Nanda and Mauryan Empire




Nanda and Mauryan Empire Nanda Dynasty:

Nanda dynasty:

The Nanda dynasty is mentioned in the Puranas. The Magdhan empire established by Ajatashatru was further expanded by Mahapadma Nanda. According to some scholars, the Nanda rule had spread up to Nanded in the South, whereas some scholars think that it was extended up to Mysore. On this basis, it can be said that Mahapadma Nanda was the first great emperor of India. Dhana Nanda was the last ruler of the Nanda dynasty. During his period, the state treasury was enormously rich. His military was also very huge. It consisted of 2,00,000 infantry, 60,000 cavalry, 6000 elephants and 2000 chariots. During the period of Nandas, another factor that helped in strengthening the central power was the importance given to enhance the revenue collection.

Along with the expansion of the empire came the economic prosperity of the State. The state treasury was always full. The Nandas built canals and made an arrangement of irrigation facilities. These facilities led to the development of agriculture and trade. In 321 B.C.E. Chandragupta Maurya attacked Pataliputra and brought an end to the Nanda rule. After implementing Chanakya’s sound strategy, Chandragupta marched against the Nanda ruler for the second time, overthrew and killed Dhanananda, the last ruler of the Nanda dynasty. Chandragupta ascended to the throne of Magadha and founded the Mauryan Empire, with Chanakya as his Prime Minister.

Mauryan Empire:

Mauryan Empire was the first well organised and strongly controlled empire in the history of India. Religious texts and other literature, inscriptions, coins, sculptures, etc. are the sources that help us to clearly understand the political, social, economic, and religious conditions of this period. The Mauryan empire had spread on a large region of the Indian subcontinent and was controlled by a central power. The Mauryan rule brought about the consolidation of the political system. Chandragupta Maurya defeated the Nandas and established the Mauryan dynasty.

The Brahmanical commentaries on the Puranas state that Chandragupta was born near Patna from Mura, a Shudra maidservant of the Nandas. In Mudrarakshas, he is referred to as Vrishala and Kulahina (lowborn) as well as Swamiputra (son of Master). Vishnu Purana and Justin describe him as a ‘man of humble origin’. Buddhist sources like Deepavamsha and Mahavamsha state that Chandragupta’s father was a Kshatriya and the head of the Moriya branch of the Sakya tribe of the republic of Pipphalivana. The Jain traditions represent him as a son of the headman’s daughter of a village, which was inhabited by Mayuraposhaka (peacock tamers). The medieval epigraphs describe the Mauryas as Kshatriyas of the solar race (Suryavanshi).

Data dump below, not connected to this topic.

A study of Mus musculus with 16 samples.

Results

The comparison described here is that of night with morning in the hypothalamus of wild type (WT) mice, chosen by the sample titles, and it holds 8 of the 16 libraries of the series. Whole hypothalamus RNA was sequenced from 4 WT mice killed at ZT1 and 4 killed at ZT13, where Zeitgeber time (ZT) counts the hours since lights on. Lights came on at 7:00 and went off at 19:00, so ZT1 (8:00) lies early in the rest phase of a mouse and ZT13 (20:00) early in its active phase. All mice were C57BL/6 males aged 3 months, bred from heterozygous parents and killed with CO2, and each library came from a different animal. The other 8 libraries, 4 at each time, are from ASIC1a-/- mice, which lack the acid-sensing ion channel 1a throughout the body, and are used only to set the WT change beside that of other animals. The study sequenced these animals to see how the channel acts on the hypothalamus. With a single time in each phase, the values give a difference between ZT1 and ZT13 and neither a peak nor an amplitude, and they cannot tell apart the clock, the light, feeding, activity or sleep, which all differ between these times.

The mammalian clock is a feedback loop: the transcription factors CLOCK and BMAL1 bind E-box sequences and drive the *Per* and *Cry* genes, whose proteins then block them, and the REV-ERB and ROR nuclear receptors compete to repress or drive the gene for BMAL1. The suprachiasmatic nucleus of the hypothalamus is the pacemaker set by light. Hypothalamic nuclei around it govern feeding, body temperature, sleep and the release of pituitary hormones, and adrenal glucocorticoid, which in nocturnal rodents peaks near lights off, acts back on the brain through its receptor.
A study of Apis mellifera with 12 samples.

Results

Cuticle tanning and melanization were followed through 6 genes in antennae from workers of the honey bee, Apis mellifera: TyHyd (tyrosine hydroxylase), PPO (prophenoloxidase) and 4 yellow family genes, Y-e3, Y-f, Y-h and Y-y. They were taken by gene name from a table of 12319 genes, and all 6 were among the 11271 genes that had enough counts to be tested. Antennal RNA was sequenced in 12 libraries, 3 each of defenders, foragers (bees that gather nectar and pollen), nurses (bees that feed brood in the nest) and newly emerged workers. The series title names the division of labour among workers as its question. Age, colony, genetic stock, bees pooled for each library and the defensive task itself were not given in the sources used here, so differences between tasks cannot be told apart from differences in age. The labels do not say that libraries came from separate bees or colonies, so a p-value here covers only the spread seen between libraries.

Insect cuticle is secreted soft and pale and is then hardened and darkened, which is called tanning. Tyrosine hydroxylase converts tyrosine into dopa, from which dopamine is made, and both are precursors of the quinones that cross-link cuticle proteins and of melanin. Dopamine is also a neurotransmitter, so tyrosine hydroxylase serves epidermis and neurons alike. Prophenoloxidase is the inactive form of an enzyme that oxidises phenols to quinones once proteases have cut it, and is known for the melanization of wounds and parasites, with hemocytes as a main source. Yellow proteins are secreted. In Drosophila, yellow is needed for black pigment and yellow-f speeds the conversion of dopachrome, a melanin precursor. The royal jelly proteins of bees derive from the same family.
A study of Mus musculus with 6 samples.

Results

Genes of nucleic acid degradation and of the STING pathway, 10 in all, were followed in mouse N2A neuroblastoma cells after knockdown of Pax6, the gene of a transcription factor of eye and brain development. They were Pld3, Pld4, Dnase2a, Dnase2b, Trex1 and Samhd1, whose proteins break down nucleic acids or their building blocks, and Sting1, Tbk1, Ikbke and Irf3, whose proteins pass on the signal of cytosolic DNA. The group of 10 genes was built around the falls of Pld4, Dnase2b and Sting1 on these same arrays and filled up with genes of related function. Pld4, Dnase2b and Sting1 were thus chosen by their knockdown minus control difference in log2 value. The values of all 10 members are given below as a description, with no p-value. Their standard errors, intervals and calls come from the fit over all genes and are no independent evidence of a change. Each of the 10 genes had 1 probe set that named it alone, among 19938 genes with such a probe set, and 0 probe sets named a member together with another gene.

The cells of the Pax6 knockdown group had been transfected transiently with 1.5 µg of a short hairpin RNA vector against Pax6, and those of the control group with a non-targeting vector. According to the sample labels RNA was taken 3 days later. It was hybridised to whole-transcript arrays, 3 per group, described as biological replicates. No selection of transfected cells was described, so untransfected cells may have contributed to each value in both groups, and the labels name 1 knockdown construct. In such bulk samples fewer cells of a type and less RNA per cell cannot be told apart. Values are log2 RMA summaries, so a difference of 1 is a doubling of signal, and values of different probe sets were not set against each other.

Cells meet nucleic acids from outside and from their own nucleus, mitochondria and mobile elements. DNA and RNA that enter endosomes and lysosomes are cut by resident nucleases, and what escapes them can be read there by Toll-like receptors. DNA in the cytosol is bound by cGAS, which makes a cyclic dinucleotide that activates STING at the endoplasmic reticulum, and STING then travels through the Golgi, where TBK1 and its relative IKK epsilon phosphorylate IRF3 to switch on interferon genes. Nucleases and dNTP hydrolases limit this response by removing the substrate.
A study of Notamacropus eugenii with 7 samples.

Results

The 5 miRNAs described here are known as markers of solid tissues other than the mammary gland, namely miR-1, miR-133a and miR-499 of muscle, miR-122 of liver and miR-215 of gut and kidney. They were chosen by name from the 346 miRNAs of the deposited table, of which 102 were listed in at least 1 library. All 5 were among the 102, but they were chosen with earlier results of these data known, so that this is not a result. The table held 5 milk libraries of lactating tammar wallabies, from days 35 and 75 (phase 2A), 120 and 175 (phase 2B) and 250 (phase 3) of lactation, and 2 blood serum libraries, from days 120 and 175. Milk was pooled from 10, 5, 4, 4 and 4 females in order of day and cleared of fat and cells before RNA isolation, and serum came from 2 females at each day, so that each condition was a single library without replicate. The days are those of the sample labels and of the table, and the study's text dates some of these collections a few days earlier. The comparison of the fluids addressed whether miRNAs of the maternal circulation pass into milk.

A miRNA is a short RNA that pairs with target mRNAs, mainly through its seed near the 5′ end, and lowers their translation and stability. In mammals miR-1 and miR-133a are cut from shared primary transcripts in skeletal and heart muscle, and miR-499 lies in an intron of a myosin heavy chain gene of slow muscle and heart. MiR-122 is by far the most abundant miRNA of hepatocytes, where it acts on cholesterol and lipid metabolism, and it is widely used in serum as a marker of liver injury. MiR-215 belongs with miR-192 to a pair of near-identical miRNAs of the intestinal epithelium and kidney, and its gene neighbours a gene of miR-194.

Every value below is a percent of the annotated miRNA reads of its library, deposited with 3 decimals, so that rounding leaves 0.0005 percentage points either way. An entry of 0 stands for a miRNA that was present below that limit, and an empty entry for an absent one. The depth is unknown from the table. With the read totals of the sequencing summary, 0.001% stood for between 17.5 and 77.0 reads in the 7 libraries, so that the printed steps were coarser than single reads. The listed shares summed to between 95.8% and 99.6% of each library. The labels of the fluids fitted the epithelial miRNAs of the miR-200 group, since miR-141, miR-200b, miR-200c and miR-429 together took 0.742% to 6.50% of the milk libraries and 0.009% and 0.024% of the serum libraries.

Chanakya (Kautilya) had been to Pataliputra to seek the help of Dhanananda in turning the Greeks out of the country. But instead, he was humiliated by the King, which led to Chanakya swearing an oath to depose him. While passing through the village of Chandragupta, Chanakya witnessed Chandragupta. Chanakya took Chandragupta to Taxila (Takshashila), where he initiated him to the strict academic discipline and gave him rigorous training for nearly 8 years in statesmanship, military science, with the intention of enabling him to lead the war of liberation against the Greeks and the deposition of Dhanananda from the throne of Magadha. With the help of his composite army, Chandragupta fought against the Greeks and defeated the Governors like Philip, Eudemus, and Peithon. By defeating the governors and driving them out of India, Chandragupta liberated North-western India from foreign rule.

The Mauryas created a huge empire by conquering the big and small states in the northwest, north, and southern regions. The war between Chandragupta and the Greek king Seleucus was very important. As a consequence, the boundaries of the Mauryan Empire extended to the Hindukush in the northwest. The Mauryan Empire extended from Hindukush to the Bay of Bengal in the east and Gujarat in the west, as well as the Himalayas in the north to the Krishna river in the south. Seleucus Necator, a Macedonian general of Alexander, established the Seleucid kingdom with its capital at Babylon in 312 BCE.

He turned his attention towards India when he crossed over the Indus and attacked the regions in 305 BCE, but this time, Chandragupta Maurya handed Seleucus a severe defeat. Seleucus was compelled to sign a peace treaty by which he agreed to surrender a large portion of his territory including Paropanisadai (Kabul), Aria (Herat), Arachosia (Kandahar), and Gedrosia (Baluchistan) as well as his daughter’s hand (Helena) in marriage in return of 500 elephants. Seleucus sent Megasthenes as his envoy to the Mauryan court, who wrote a detailed account of India titled Indica, which although was lost in its original form was referred to and quoted extensively by many Greek and Roman scholars.

Chandragupta Maurya died around 298 B.C.E. His son Bindusara became the king. During his tenure, he sent his son Ashoka to subdue the revolt in Taxila. During the period of Bindusara, the empire established by Chandragupta Maurya remained intact. Bindusara died in 273 B.C.E.